The aim of the DUKE project is to further develop and combine the research paths of hybrid modelling and uncertainty assessment. To this end, the Chair of Remote Sensing Technology is collaborating with the Max Planck Institute for Biogeochemistry in Jena.
A particular focus will be on ensuring optimal scalability in terms of the regions observed – from the field level to the global scale – as well as the data volumes to be processed. DUKE focuses on the real-world problem of modelling global matter transport cycles, specifically the currently still open question of coupled water and carbon cycles. Here, a data-driven perspective offers enormous potential, as the mostly rigid boundary conditions and parameterisations in process models lead to systematic deviations in the simulations. Furthermore, the quantification of uncertainties is essential for model development as well as for testing alternative hypotheses.
Within the framework of this project, the TUM Chair of Remote Sensing Technology (TUM-LMF) and the Max Planck Institute for Biogeochemistry (MPI-BGC) will work on complementary issues in close cooperation.
TUM: Uncertainty Quantification
The TUM-LMF would like to answer the following questions in particular:
- How can currently known methods for estimating the uncertainty of model outputs be mapped to the described problem domain? To what extent do the properties inherent in the context of Earth observation and Earth system research limit this applicability and thus necessitate the use of specialised approaches?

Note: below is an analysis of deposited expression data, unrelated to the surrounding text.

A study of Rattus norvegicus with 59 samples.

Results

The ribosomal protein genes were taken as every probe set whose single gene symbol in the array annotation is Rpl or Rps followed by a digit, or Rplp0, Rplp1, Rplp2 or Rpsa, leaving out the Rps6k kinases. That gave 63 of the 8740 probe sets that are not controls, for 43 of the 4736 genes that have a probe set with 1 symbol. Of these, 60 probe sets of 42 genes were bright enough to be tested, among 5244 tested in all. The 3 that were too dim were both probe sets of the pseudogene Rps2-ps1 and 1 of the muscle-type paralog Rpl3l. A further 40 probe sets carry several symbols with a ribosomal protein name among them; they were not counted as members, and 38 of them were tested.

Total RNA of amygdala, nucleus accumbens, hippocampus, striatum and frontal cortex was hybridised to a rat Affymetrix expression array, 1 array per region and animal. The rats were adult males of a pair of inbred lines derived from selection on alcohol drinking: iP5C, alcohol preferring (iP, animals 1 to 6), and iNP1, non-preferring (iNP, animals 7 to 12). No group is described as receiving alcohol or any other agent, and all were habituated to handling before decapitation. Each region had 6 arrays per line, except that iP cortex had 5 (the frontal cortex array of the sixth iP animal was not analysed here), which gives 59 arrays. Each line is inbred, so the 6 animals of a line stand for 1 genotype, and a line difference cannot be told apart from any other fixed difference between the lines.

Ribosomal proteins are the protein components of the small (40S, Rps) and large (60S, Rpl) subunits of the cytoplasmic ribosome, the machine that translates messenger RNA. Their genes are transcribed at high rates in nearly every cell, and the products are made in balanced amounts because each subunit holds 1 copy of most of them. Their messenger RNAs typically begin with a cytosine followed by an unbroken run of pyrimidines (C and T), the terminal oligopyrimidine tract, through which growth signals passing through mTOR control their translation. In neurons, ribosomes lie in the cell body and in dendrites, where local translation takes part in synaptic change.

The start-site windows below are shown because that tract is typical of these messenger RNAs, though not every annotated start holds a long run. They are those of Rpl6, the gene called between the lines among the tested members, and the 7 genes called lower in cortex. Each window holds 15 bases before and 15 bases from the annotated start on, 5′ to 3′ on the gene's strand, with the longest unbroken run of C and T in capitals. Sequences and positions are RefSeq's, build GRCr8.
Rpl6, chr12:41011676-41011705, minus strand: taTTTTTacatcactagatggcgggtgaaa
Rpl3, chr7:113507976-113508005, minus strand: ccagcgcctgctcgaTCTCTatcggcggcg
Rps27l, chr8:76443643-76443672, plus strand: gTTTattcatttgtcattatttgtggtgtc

- How can formalised expert and domain knowledge be profitably integrated into these methods?
- How can the causes of these uncertainties be attributed, localised and thus circumvented?
MPI: Hybrid Modelling
The MPI-BGC is concerned with the applicability and implications of the aforementioned topics to the field of earth sciences. In particular, the following central questions arise:
- How can these methods be used to develop hybrid deep learning models that exhibit higher levels of performance, descriptivity, robustness and interpretability?
- At what conceptual level should such hybrid designs ideally come to fruition?
- How can the knowledge gained be used to model a complex example scenario, a global combined C/H2O cycle?